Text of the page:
Robson Sharuko in CAIRO, Egypt
WHEN Zimbabwe Warriors’ captain, Knowledge Musona, went on Twitter at the weekend to rally his men not to let their defeat at the hands of hosts Egypt in the 2019 AFCON finals game on Friday night, he probably didn’t expect this would provoke some of the brutal responses he received.
Including one, from a Twitter handle that goes with the single identity of Ishy, who accused the Smiling Assassin of being responsible for the loss against the Pharaohs, the hostile assessment probably built on the moment when Musona lost possession leading to the goal for the Egyptians.
“Wakatidyisa captain zuro, pull (up) your socks,’’ thundered Ishy, in response to Musona’s tweet in which the skipper declared, “Warriors never give up, we keep going until it’s right.’’
Musona’s appeal goes beyond the Zimbabwean borders and Rudolph Sekgowane, a South African, also joined into the debate accusing the captain of letting the Warriors down.
“You are the one who cost the team three points, you and (the) coach,’’ Sekgowane claimed. “Please, next time if you see that you don’t perform well, replace yourself because it looks like your coach is scared to (take) action . . .
“We want a win, not what you saying.’’
But Mologadi Kganyago, from Botswana, argued otherwise.
“I heard someone saying Knowdgy is finished after just one bad game, we argued about it, we all can have one bad game, but I do believe he will bounce back in the next game and score a brace, that’s my wish for him to silence critics,’’ he posted on Twitter.
That Musona had one of his quietest games for the Warriors, in that match against the Pharaohs, is beyond question and his problems were compounded by the fatal mistake, after he had drifted into defence, which gave the Pharaohs the chance to get the only goal of the match.
Musona’s fitness has been a concern going into this tournament and when we asked him last week about that, he revealed that while he wasn’t in his best possible shape, he was good enough to play for his country.
A domestic season in which he struggled to impose himself at Anderlecht and where his stay at the relegated Lokeren, on loan, was also blighted by injuries, wasn’t the best way for him to prepare for such a key tournament.
But, only those with short memories, the fake friends who only pop up when times are good and the sun is shining brightly, can turn their back on Musona and turn him into an effigy of ridicule simply because he didn’t sparkle in just one game.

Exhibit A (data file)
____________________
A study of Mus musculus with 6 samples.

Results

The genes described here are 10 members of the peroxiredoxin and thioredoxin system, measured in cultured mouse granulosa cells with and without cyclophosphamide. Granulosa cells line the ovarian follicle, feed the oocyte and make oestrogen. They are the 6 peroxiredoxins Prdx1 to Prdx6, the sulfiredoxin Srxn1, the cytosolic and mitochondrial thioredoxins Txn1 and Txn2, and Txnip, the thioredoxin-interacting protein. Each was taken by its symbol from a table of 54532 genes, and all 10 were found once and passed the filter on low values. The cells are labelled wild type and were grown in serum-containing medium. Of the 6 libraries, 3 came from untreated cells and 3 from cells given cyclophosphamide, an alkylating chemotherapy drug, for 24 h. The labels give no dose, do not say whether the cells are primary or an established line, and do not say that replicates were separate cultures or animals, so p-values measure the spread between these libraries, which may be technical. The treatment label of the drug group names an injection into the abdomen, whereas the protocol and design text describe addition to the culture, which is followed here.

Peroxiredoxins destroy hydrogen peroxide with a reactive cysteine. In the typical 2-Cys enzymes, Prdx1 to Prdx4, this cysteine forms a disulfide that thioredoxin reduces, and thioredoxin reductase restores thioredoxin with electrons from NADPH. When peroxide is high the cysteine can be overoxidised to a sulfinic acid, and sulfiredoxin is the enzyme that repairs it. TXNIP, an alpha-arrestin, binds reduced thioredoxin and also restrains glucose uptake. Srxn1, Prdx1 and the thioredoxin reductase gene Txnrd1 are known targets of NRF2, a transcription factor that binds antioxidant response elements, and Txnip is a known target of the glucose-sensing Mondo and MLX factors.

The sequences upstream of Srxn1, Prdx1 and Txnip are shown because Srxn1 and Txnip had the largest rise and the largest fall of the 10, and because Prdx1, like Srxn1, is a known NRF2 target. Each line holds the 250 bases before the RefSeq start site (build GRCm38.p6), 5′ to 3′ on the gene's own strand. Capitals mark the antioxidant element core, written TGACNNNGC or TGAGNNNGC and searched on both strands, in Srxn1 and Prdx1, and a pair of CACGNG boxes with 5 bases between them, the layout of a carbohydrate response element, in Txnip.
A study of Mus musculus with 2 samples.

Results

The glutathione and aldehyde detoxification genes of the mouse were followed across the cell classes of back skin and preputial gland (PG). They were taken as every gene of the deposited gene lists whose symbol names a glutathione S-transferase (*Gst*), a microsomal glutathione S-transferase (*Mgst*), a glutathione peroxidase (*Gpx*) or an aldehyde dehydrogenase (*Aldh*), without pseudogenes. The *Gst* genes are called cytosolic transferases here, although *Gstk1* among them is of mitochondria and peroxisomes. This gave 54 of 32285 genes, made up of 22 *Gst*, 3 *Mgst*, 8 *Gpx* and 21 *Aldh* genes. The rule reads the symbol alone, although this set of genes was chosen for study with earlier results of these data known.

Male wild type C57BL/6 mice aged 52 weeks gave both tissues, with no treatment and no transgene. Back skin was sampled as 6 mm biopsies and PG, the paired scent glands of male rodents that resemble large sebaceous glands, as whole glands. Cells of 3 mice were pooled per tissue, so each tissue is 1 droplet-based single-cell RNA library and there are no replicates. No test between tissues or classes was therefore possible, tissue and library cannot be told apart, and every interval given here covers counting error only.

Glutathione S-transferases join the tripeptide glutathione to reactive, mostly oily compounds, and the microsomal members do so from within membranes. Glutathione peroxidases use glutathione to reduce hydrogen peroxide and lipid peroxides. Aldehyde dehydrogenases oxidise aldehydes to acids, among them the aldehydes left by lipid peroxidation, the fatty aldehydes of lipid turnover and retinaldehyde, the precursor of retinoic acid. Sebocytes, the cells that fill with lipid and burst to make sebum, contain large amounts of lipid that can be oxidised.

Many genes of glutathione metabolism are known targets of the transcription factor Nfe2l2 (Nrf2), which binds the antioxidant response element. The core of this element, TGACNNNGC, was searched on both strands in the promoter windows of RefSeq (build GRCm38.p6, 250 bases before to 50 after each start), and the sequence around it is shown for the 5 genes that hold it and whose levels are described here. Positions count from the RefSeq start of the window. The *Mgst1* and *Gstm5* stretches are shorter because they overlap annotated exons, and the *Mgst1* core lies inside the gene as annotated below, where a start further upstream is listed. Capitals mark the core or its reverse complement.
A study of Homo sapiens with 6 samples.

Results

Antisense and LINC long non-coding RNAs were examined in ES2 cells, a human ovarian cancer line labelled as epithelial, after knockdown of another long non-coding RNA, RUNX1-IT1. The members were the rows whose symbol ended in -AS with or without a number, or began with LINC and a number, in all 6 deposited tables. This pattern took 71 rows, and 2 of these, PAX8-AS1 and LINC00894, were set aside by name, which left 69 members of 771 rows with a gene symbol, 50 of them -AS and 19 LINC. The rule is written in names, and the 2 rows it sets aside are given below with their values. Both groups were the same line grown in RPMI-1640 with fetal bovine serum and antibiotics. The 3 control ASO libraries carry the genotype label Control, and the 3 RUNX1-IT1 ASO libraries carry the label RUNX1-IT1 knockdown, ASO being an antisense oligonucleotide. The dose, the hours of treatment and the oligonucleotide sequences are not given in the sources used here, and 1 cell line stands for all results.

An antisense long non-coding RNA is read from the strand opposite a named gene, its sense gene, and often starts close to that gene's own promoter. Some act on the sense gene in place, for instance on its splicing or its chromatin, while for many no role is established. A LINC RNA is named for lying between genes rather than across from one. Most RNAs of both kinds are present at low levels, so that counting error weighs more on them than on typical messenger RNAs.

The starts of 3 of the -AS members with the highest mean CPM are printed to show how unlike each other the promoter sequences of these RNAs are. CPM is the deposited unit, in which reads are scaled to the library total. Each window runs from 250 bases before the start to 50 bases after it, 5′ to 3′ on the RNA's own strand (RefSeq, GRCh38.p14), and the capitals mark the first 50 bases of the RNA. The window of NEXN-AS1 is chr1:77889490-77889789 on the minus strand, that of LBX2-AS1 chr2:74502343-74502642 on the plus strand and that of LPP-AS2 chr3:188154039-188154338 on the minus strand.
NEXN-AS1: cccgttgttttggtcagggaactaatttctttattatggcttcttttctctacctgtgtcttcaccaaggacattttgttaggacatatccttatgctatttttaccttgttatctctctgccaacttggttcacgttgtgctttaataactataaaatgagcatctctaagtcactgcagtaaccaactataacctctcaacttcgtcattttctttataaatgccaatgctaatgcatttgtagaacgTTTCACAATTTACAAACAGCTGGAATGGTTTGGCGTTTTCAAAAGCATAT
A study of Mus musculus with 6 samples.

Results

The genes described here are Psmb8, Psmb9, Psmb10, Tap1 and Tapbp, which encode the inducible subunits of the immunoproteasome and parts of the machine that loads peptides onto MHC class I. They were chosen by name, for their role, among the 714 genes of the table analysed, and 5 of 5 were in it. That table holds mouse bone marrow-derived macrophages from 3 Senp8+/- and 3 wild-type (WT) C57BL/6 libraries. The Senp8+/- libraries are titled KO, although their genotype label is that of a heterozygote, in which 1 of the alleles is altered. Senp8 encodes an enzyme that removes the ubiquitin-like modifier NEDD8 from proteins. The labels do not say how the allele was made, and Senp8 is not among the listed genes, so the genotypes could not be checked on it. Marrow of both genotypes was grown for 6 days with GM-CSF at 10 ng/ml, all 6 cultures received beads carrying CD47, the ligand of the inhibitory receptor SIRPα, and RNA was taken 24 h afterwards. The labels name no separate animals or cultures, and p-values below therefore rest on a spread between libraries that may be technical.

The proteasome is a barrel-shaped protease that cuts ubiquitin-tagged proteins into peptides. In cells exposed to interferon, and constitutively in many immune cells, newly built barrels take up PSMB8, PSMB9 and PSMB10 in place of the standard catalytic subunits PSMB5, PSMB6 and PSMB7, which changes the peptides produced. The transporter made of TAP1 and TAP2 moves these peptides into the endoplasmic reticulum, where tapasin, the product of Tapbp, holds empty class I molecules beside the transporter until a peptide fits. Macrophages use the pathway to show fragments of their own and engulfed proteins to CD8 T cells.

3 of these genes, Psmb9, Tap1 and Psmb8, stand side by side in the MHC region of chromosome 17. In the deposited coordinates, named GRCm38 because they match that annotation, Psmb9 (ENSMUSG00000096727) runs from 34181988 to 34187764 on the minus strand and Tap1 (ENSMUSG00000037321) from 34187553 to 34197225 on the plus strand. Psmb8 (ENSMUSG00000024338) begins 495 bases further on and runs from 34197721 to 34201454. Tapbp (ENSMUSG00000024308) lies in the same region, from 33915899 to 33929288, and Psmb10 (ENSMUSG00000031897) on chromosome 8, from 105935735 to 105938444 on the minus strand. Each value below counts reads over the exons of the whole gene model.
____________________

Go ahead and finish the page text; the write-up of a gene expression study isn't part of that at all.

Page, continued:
In football, just like in life, setbacks are part of the game.
And, to turn our guns on Musona, after all that he has done to help transform the Warriors into the competitive team that they have become today, would be an outrageous insult to the power of reason and the value of history.
To expect Musona to be in top form, every time he plays for the Warriors, when even the great Mohamed Salah can be forced to have an off day, as was the case in that match against the Warriors, would be a flirtation with fantasy and an insult to the reality that even the best of athletes can have a bad day in the office.
To turn against the Smiling Assassin, and even ask that he be dropped from the squad completely as some are now saying, is ridiculous and while he should not be guaranteed a place in the team, his performance on Friday night wasn’t such a stinker to warrant such drastic action.
Musona is human, too, maybe his problem is that he has been superhuman for the Warriors for a long time.
Because, scoring six of the 10 goals for the team in the qualifiers was a demonstration of his pedigree and, at the end of the campaign, he could proudly lay claim to the title of being the finest hitman in the AFCON qualifiers during a golden period in which his goal-scoring spree has even eclipsed Sadio Mane and Salah.
It’s easy to forget.
For 10 years, between July 2004, when they beat Rwanda 2-0 in Kigali in an AFCON/World Cup qualifier, and May 2014, when they were eliminated from the 2015 AFCON finals by Tanzania in a preliminary battle, the Warriors played 17 away games in these two huge tournaments, lost 13, drew four, and only Musona scored in those games on the road.
The Warriors failed to score in 10 of those matches, during that period, while scored only more than one goal in two games against Algeria and Namibia, and between 2010 and May 2014, Musona was the only player for them to score in away matches in World Cup/AFCON qualifiers with four goals in nine matches.
Musona opened the scoring for the Warriors in the 2019 AFCON qualifiers, with his hat-trick against Liberia, becoming the first captain of the side to score three goals in a Nations Cup qualifier, and closed the scoring for the team with that second goal against Congo-Brazzaville .
Since making his Warriors debut at the age of 18 years, eight months and 10 days, Musona has made 18 appearances for this country in AFCON qualifiers, scored 14 goals, provided three assists, received one yellow card, one red card and featured in 1 566 minutes.
Mane, the Senegalese superstar, made his international debut on May 25, 2012, at 20 years, one month and 15 days and has made 18 appearances in AFCON qualifiers, exactly the same number as Musona, scored just five goals, nine less than the Smiling Assassin, in his 1465 minutes for the Lions of Teranga.
The Liverpool star has 16 World Cup appearances for his country and four goals while, at the AFCON finals, he has played five times for Senegal and scored two goals.
Salah made his international debut on September 3, 2011, when he was 19 years, two months and 19 days and has featured in 19 AFCON qualifiers, scored 14 goals, provided six assists in 1 685 minutes with a further two goals in seven Nations Cup finals matches.
While Salah has scored the same number of goals as Musona, in the AFCON qualifiers, the Liverpool star has played one more match than the Warriors skipper and also played 62 minutes more than the Smiling Assassin.